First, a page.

With the low unemployment rate, finding top talent has been a recurring theme for 2018. Many companies are continuously reporting that they struggle to find skilled workers to fill roles. And new research, released by ManpowerGroup, drives this point further home. However, ManpowerGroup is now offering some suggestions to help fix the talent shortage issue.
According to the ManpowerGroup 2018 Talent Shortage Survey of more than 2,000 U.S. employers, 46% of respondents report that they are struggling to find talent. Skilled trade workers, sales representatives, and drivers remain the hardest roles to fill.
“We continue to see increasing demand for skilled workers across all sectors of the U.S. economy from transport and trade to manufacturing and sales,” says Becky Frankiewicz, president of ManpowerGroup North America. “Employers cannot find the people they need with the right blend of technical skills and human strengths and the problem won’t fix itself.”
Most of the jobs where demand is growing are midskilled roles such as electricians, welders, and mechanics that require training, yet not always a 4-year college degree. More than half of the companies surveyed are investing in learning platforms and development tools to build their talent pipeline, up 7% from 2016. Nineteen percent of employers are also changing their existing work models, including offering flexible work arrangements.
Although unemployment remains low, there are millions of workers on the edge of the U.S. labor market. Companies are bringing in workers from the sidelines to fill talent gaps and 40% are looking at different talent pools for skills including boomerang retirees, long-term unemployed or returning parents, and part-time workers.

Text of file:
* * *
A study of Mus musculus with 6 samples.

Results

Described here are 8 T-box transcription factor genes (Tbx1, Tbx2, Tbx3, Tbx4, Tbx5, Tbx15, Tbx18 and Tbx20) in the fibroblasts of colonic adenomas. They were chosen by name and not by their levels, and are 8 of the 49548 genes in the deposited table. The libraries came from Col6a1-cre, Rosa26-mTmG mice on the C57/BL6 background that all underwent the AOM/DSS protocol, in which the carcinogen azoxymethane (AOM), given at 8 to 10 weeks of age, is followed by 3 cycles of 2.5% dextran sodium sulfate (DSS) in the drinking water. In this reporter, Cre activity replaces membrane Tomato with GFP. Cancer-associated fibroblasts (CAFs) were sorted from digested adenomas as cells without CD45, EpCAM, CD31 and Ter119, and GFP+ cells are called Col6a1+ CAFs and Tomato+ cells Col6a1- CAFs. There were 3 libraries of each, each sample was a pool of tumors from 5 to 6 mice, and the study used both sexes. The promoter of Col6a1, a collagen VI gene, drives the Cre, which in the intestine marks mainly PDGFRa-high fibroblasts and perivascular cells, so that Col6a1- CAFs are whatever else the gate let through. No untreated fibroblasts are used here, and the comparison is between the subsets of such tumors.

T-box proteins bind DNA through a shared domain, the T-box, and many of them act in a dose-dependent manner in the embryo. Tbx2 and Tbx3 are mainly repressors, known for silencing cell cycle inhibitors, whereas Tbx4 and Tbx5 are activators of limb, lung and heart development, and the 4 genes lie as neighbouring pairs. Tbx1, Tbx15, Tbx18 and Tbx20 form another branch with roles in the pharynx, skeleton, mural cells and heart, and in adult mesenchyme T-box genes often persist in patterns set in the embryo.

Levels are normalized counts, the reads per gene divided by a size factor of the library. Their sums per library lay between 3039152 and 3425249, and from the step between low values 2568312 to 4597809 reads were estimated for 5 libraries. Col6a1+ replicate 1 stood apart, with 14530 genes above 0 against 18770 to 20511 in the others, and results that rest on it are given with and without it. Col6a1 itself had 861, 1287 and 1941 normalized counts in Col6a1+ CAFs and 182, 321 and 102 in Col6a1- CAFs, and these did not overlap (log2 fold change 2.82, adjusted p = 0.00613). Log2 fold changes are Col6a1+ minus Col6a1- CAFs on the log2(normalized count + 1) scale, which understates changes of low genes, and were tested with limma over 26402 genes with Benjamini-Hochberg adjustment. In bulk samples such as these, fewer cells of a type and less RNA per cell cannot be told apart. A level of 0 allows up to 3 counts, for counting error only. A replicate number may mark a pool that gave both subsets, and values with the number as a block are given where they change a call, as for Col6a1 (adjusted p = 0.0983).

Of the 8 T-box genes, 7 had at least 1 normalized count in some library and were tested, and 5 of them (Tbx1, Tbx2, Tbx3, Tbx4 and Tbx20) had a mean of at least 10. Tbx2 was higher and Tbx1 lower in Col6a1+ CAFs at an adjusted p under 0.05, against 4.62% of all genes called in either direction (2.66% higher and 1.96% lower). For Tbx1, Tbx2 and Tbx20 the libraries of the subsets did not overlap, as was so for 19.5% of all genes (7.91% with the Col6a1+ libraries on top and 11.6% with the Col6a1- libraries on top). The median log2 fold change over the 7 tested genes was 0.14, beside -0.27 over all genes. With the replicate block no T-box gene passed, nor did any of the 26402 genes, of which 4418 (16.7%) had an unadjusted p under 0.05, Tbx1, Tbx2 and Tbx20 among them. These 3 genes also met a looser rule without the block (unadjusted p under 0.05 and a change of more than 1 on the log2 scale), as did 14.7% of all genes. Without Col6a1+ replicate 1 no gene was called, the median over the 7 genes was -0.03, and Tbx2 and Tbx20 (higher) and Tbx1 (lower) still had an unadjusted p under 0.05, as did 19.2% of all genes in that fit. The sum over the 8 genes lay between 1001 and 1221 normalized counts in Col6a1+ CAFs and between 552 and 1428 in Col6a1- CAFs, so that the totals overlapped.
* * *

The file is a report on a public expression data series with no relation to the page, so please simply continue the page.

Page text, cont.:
While these are just a few ways employers are trying to fill the void, ManpowerGroup has developed a theory to help you recruit more workers and reduce the talent shortage at your company: Build, Buy, Borrow, Bridge.
- Build. Invest in learning and development to grow the talent pipeline and upskill the existing and potential workforce.
- Buy. In a tight labor market, go to the external market to find the best talent that cannot be built in-house in the timeframe required to fill immediate openings.
- Borrow. Cultivate communities of talent inside and outside the organization including part-time, freelance, contract, and temporary workers to complement existing workforce.
- Bridge. Help people move on and move up to new roles inside or outside the organization.
Frankiewicz adds, “It’s time for a new approach to attract, recruit and retain talent. Employers need to buy skills where necessary, borrow from external sources and help people with adjacent skills bridge from one role to another. Above all, we need to be builders of talent, rather than consumers of work to create a workforce with the skills companies and individuals need to thrive today and tomorrow.”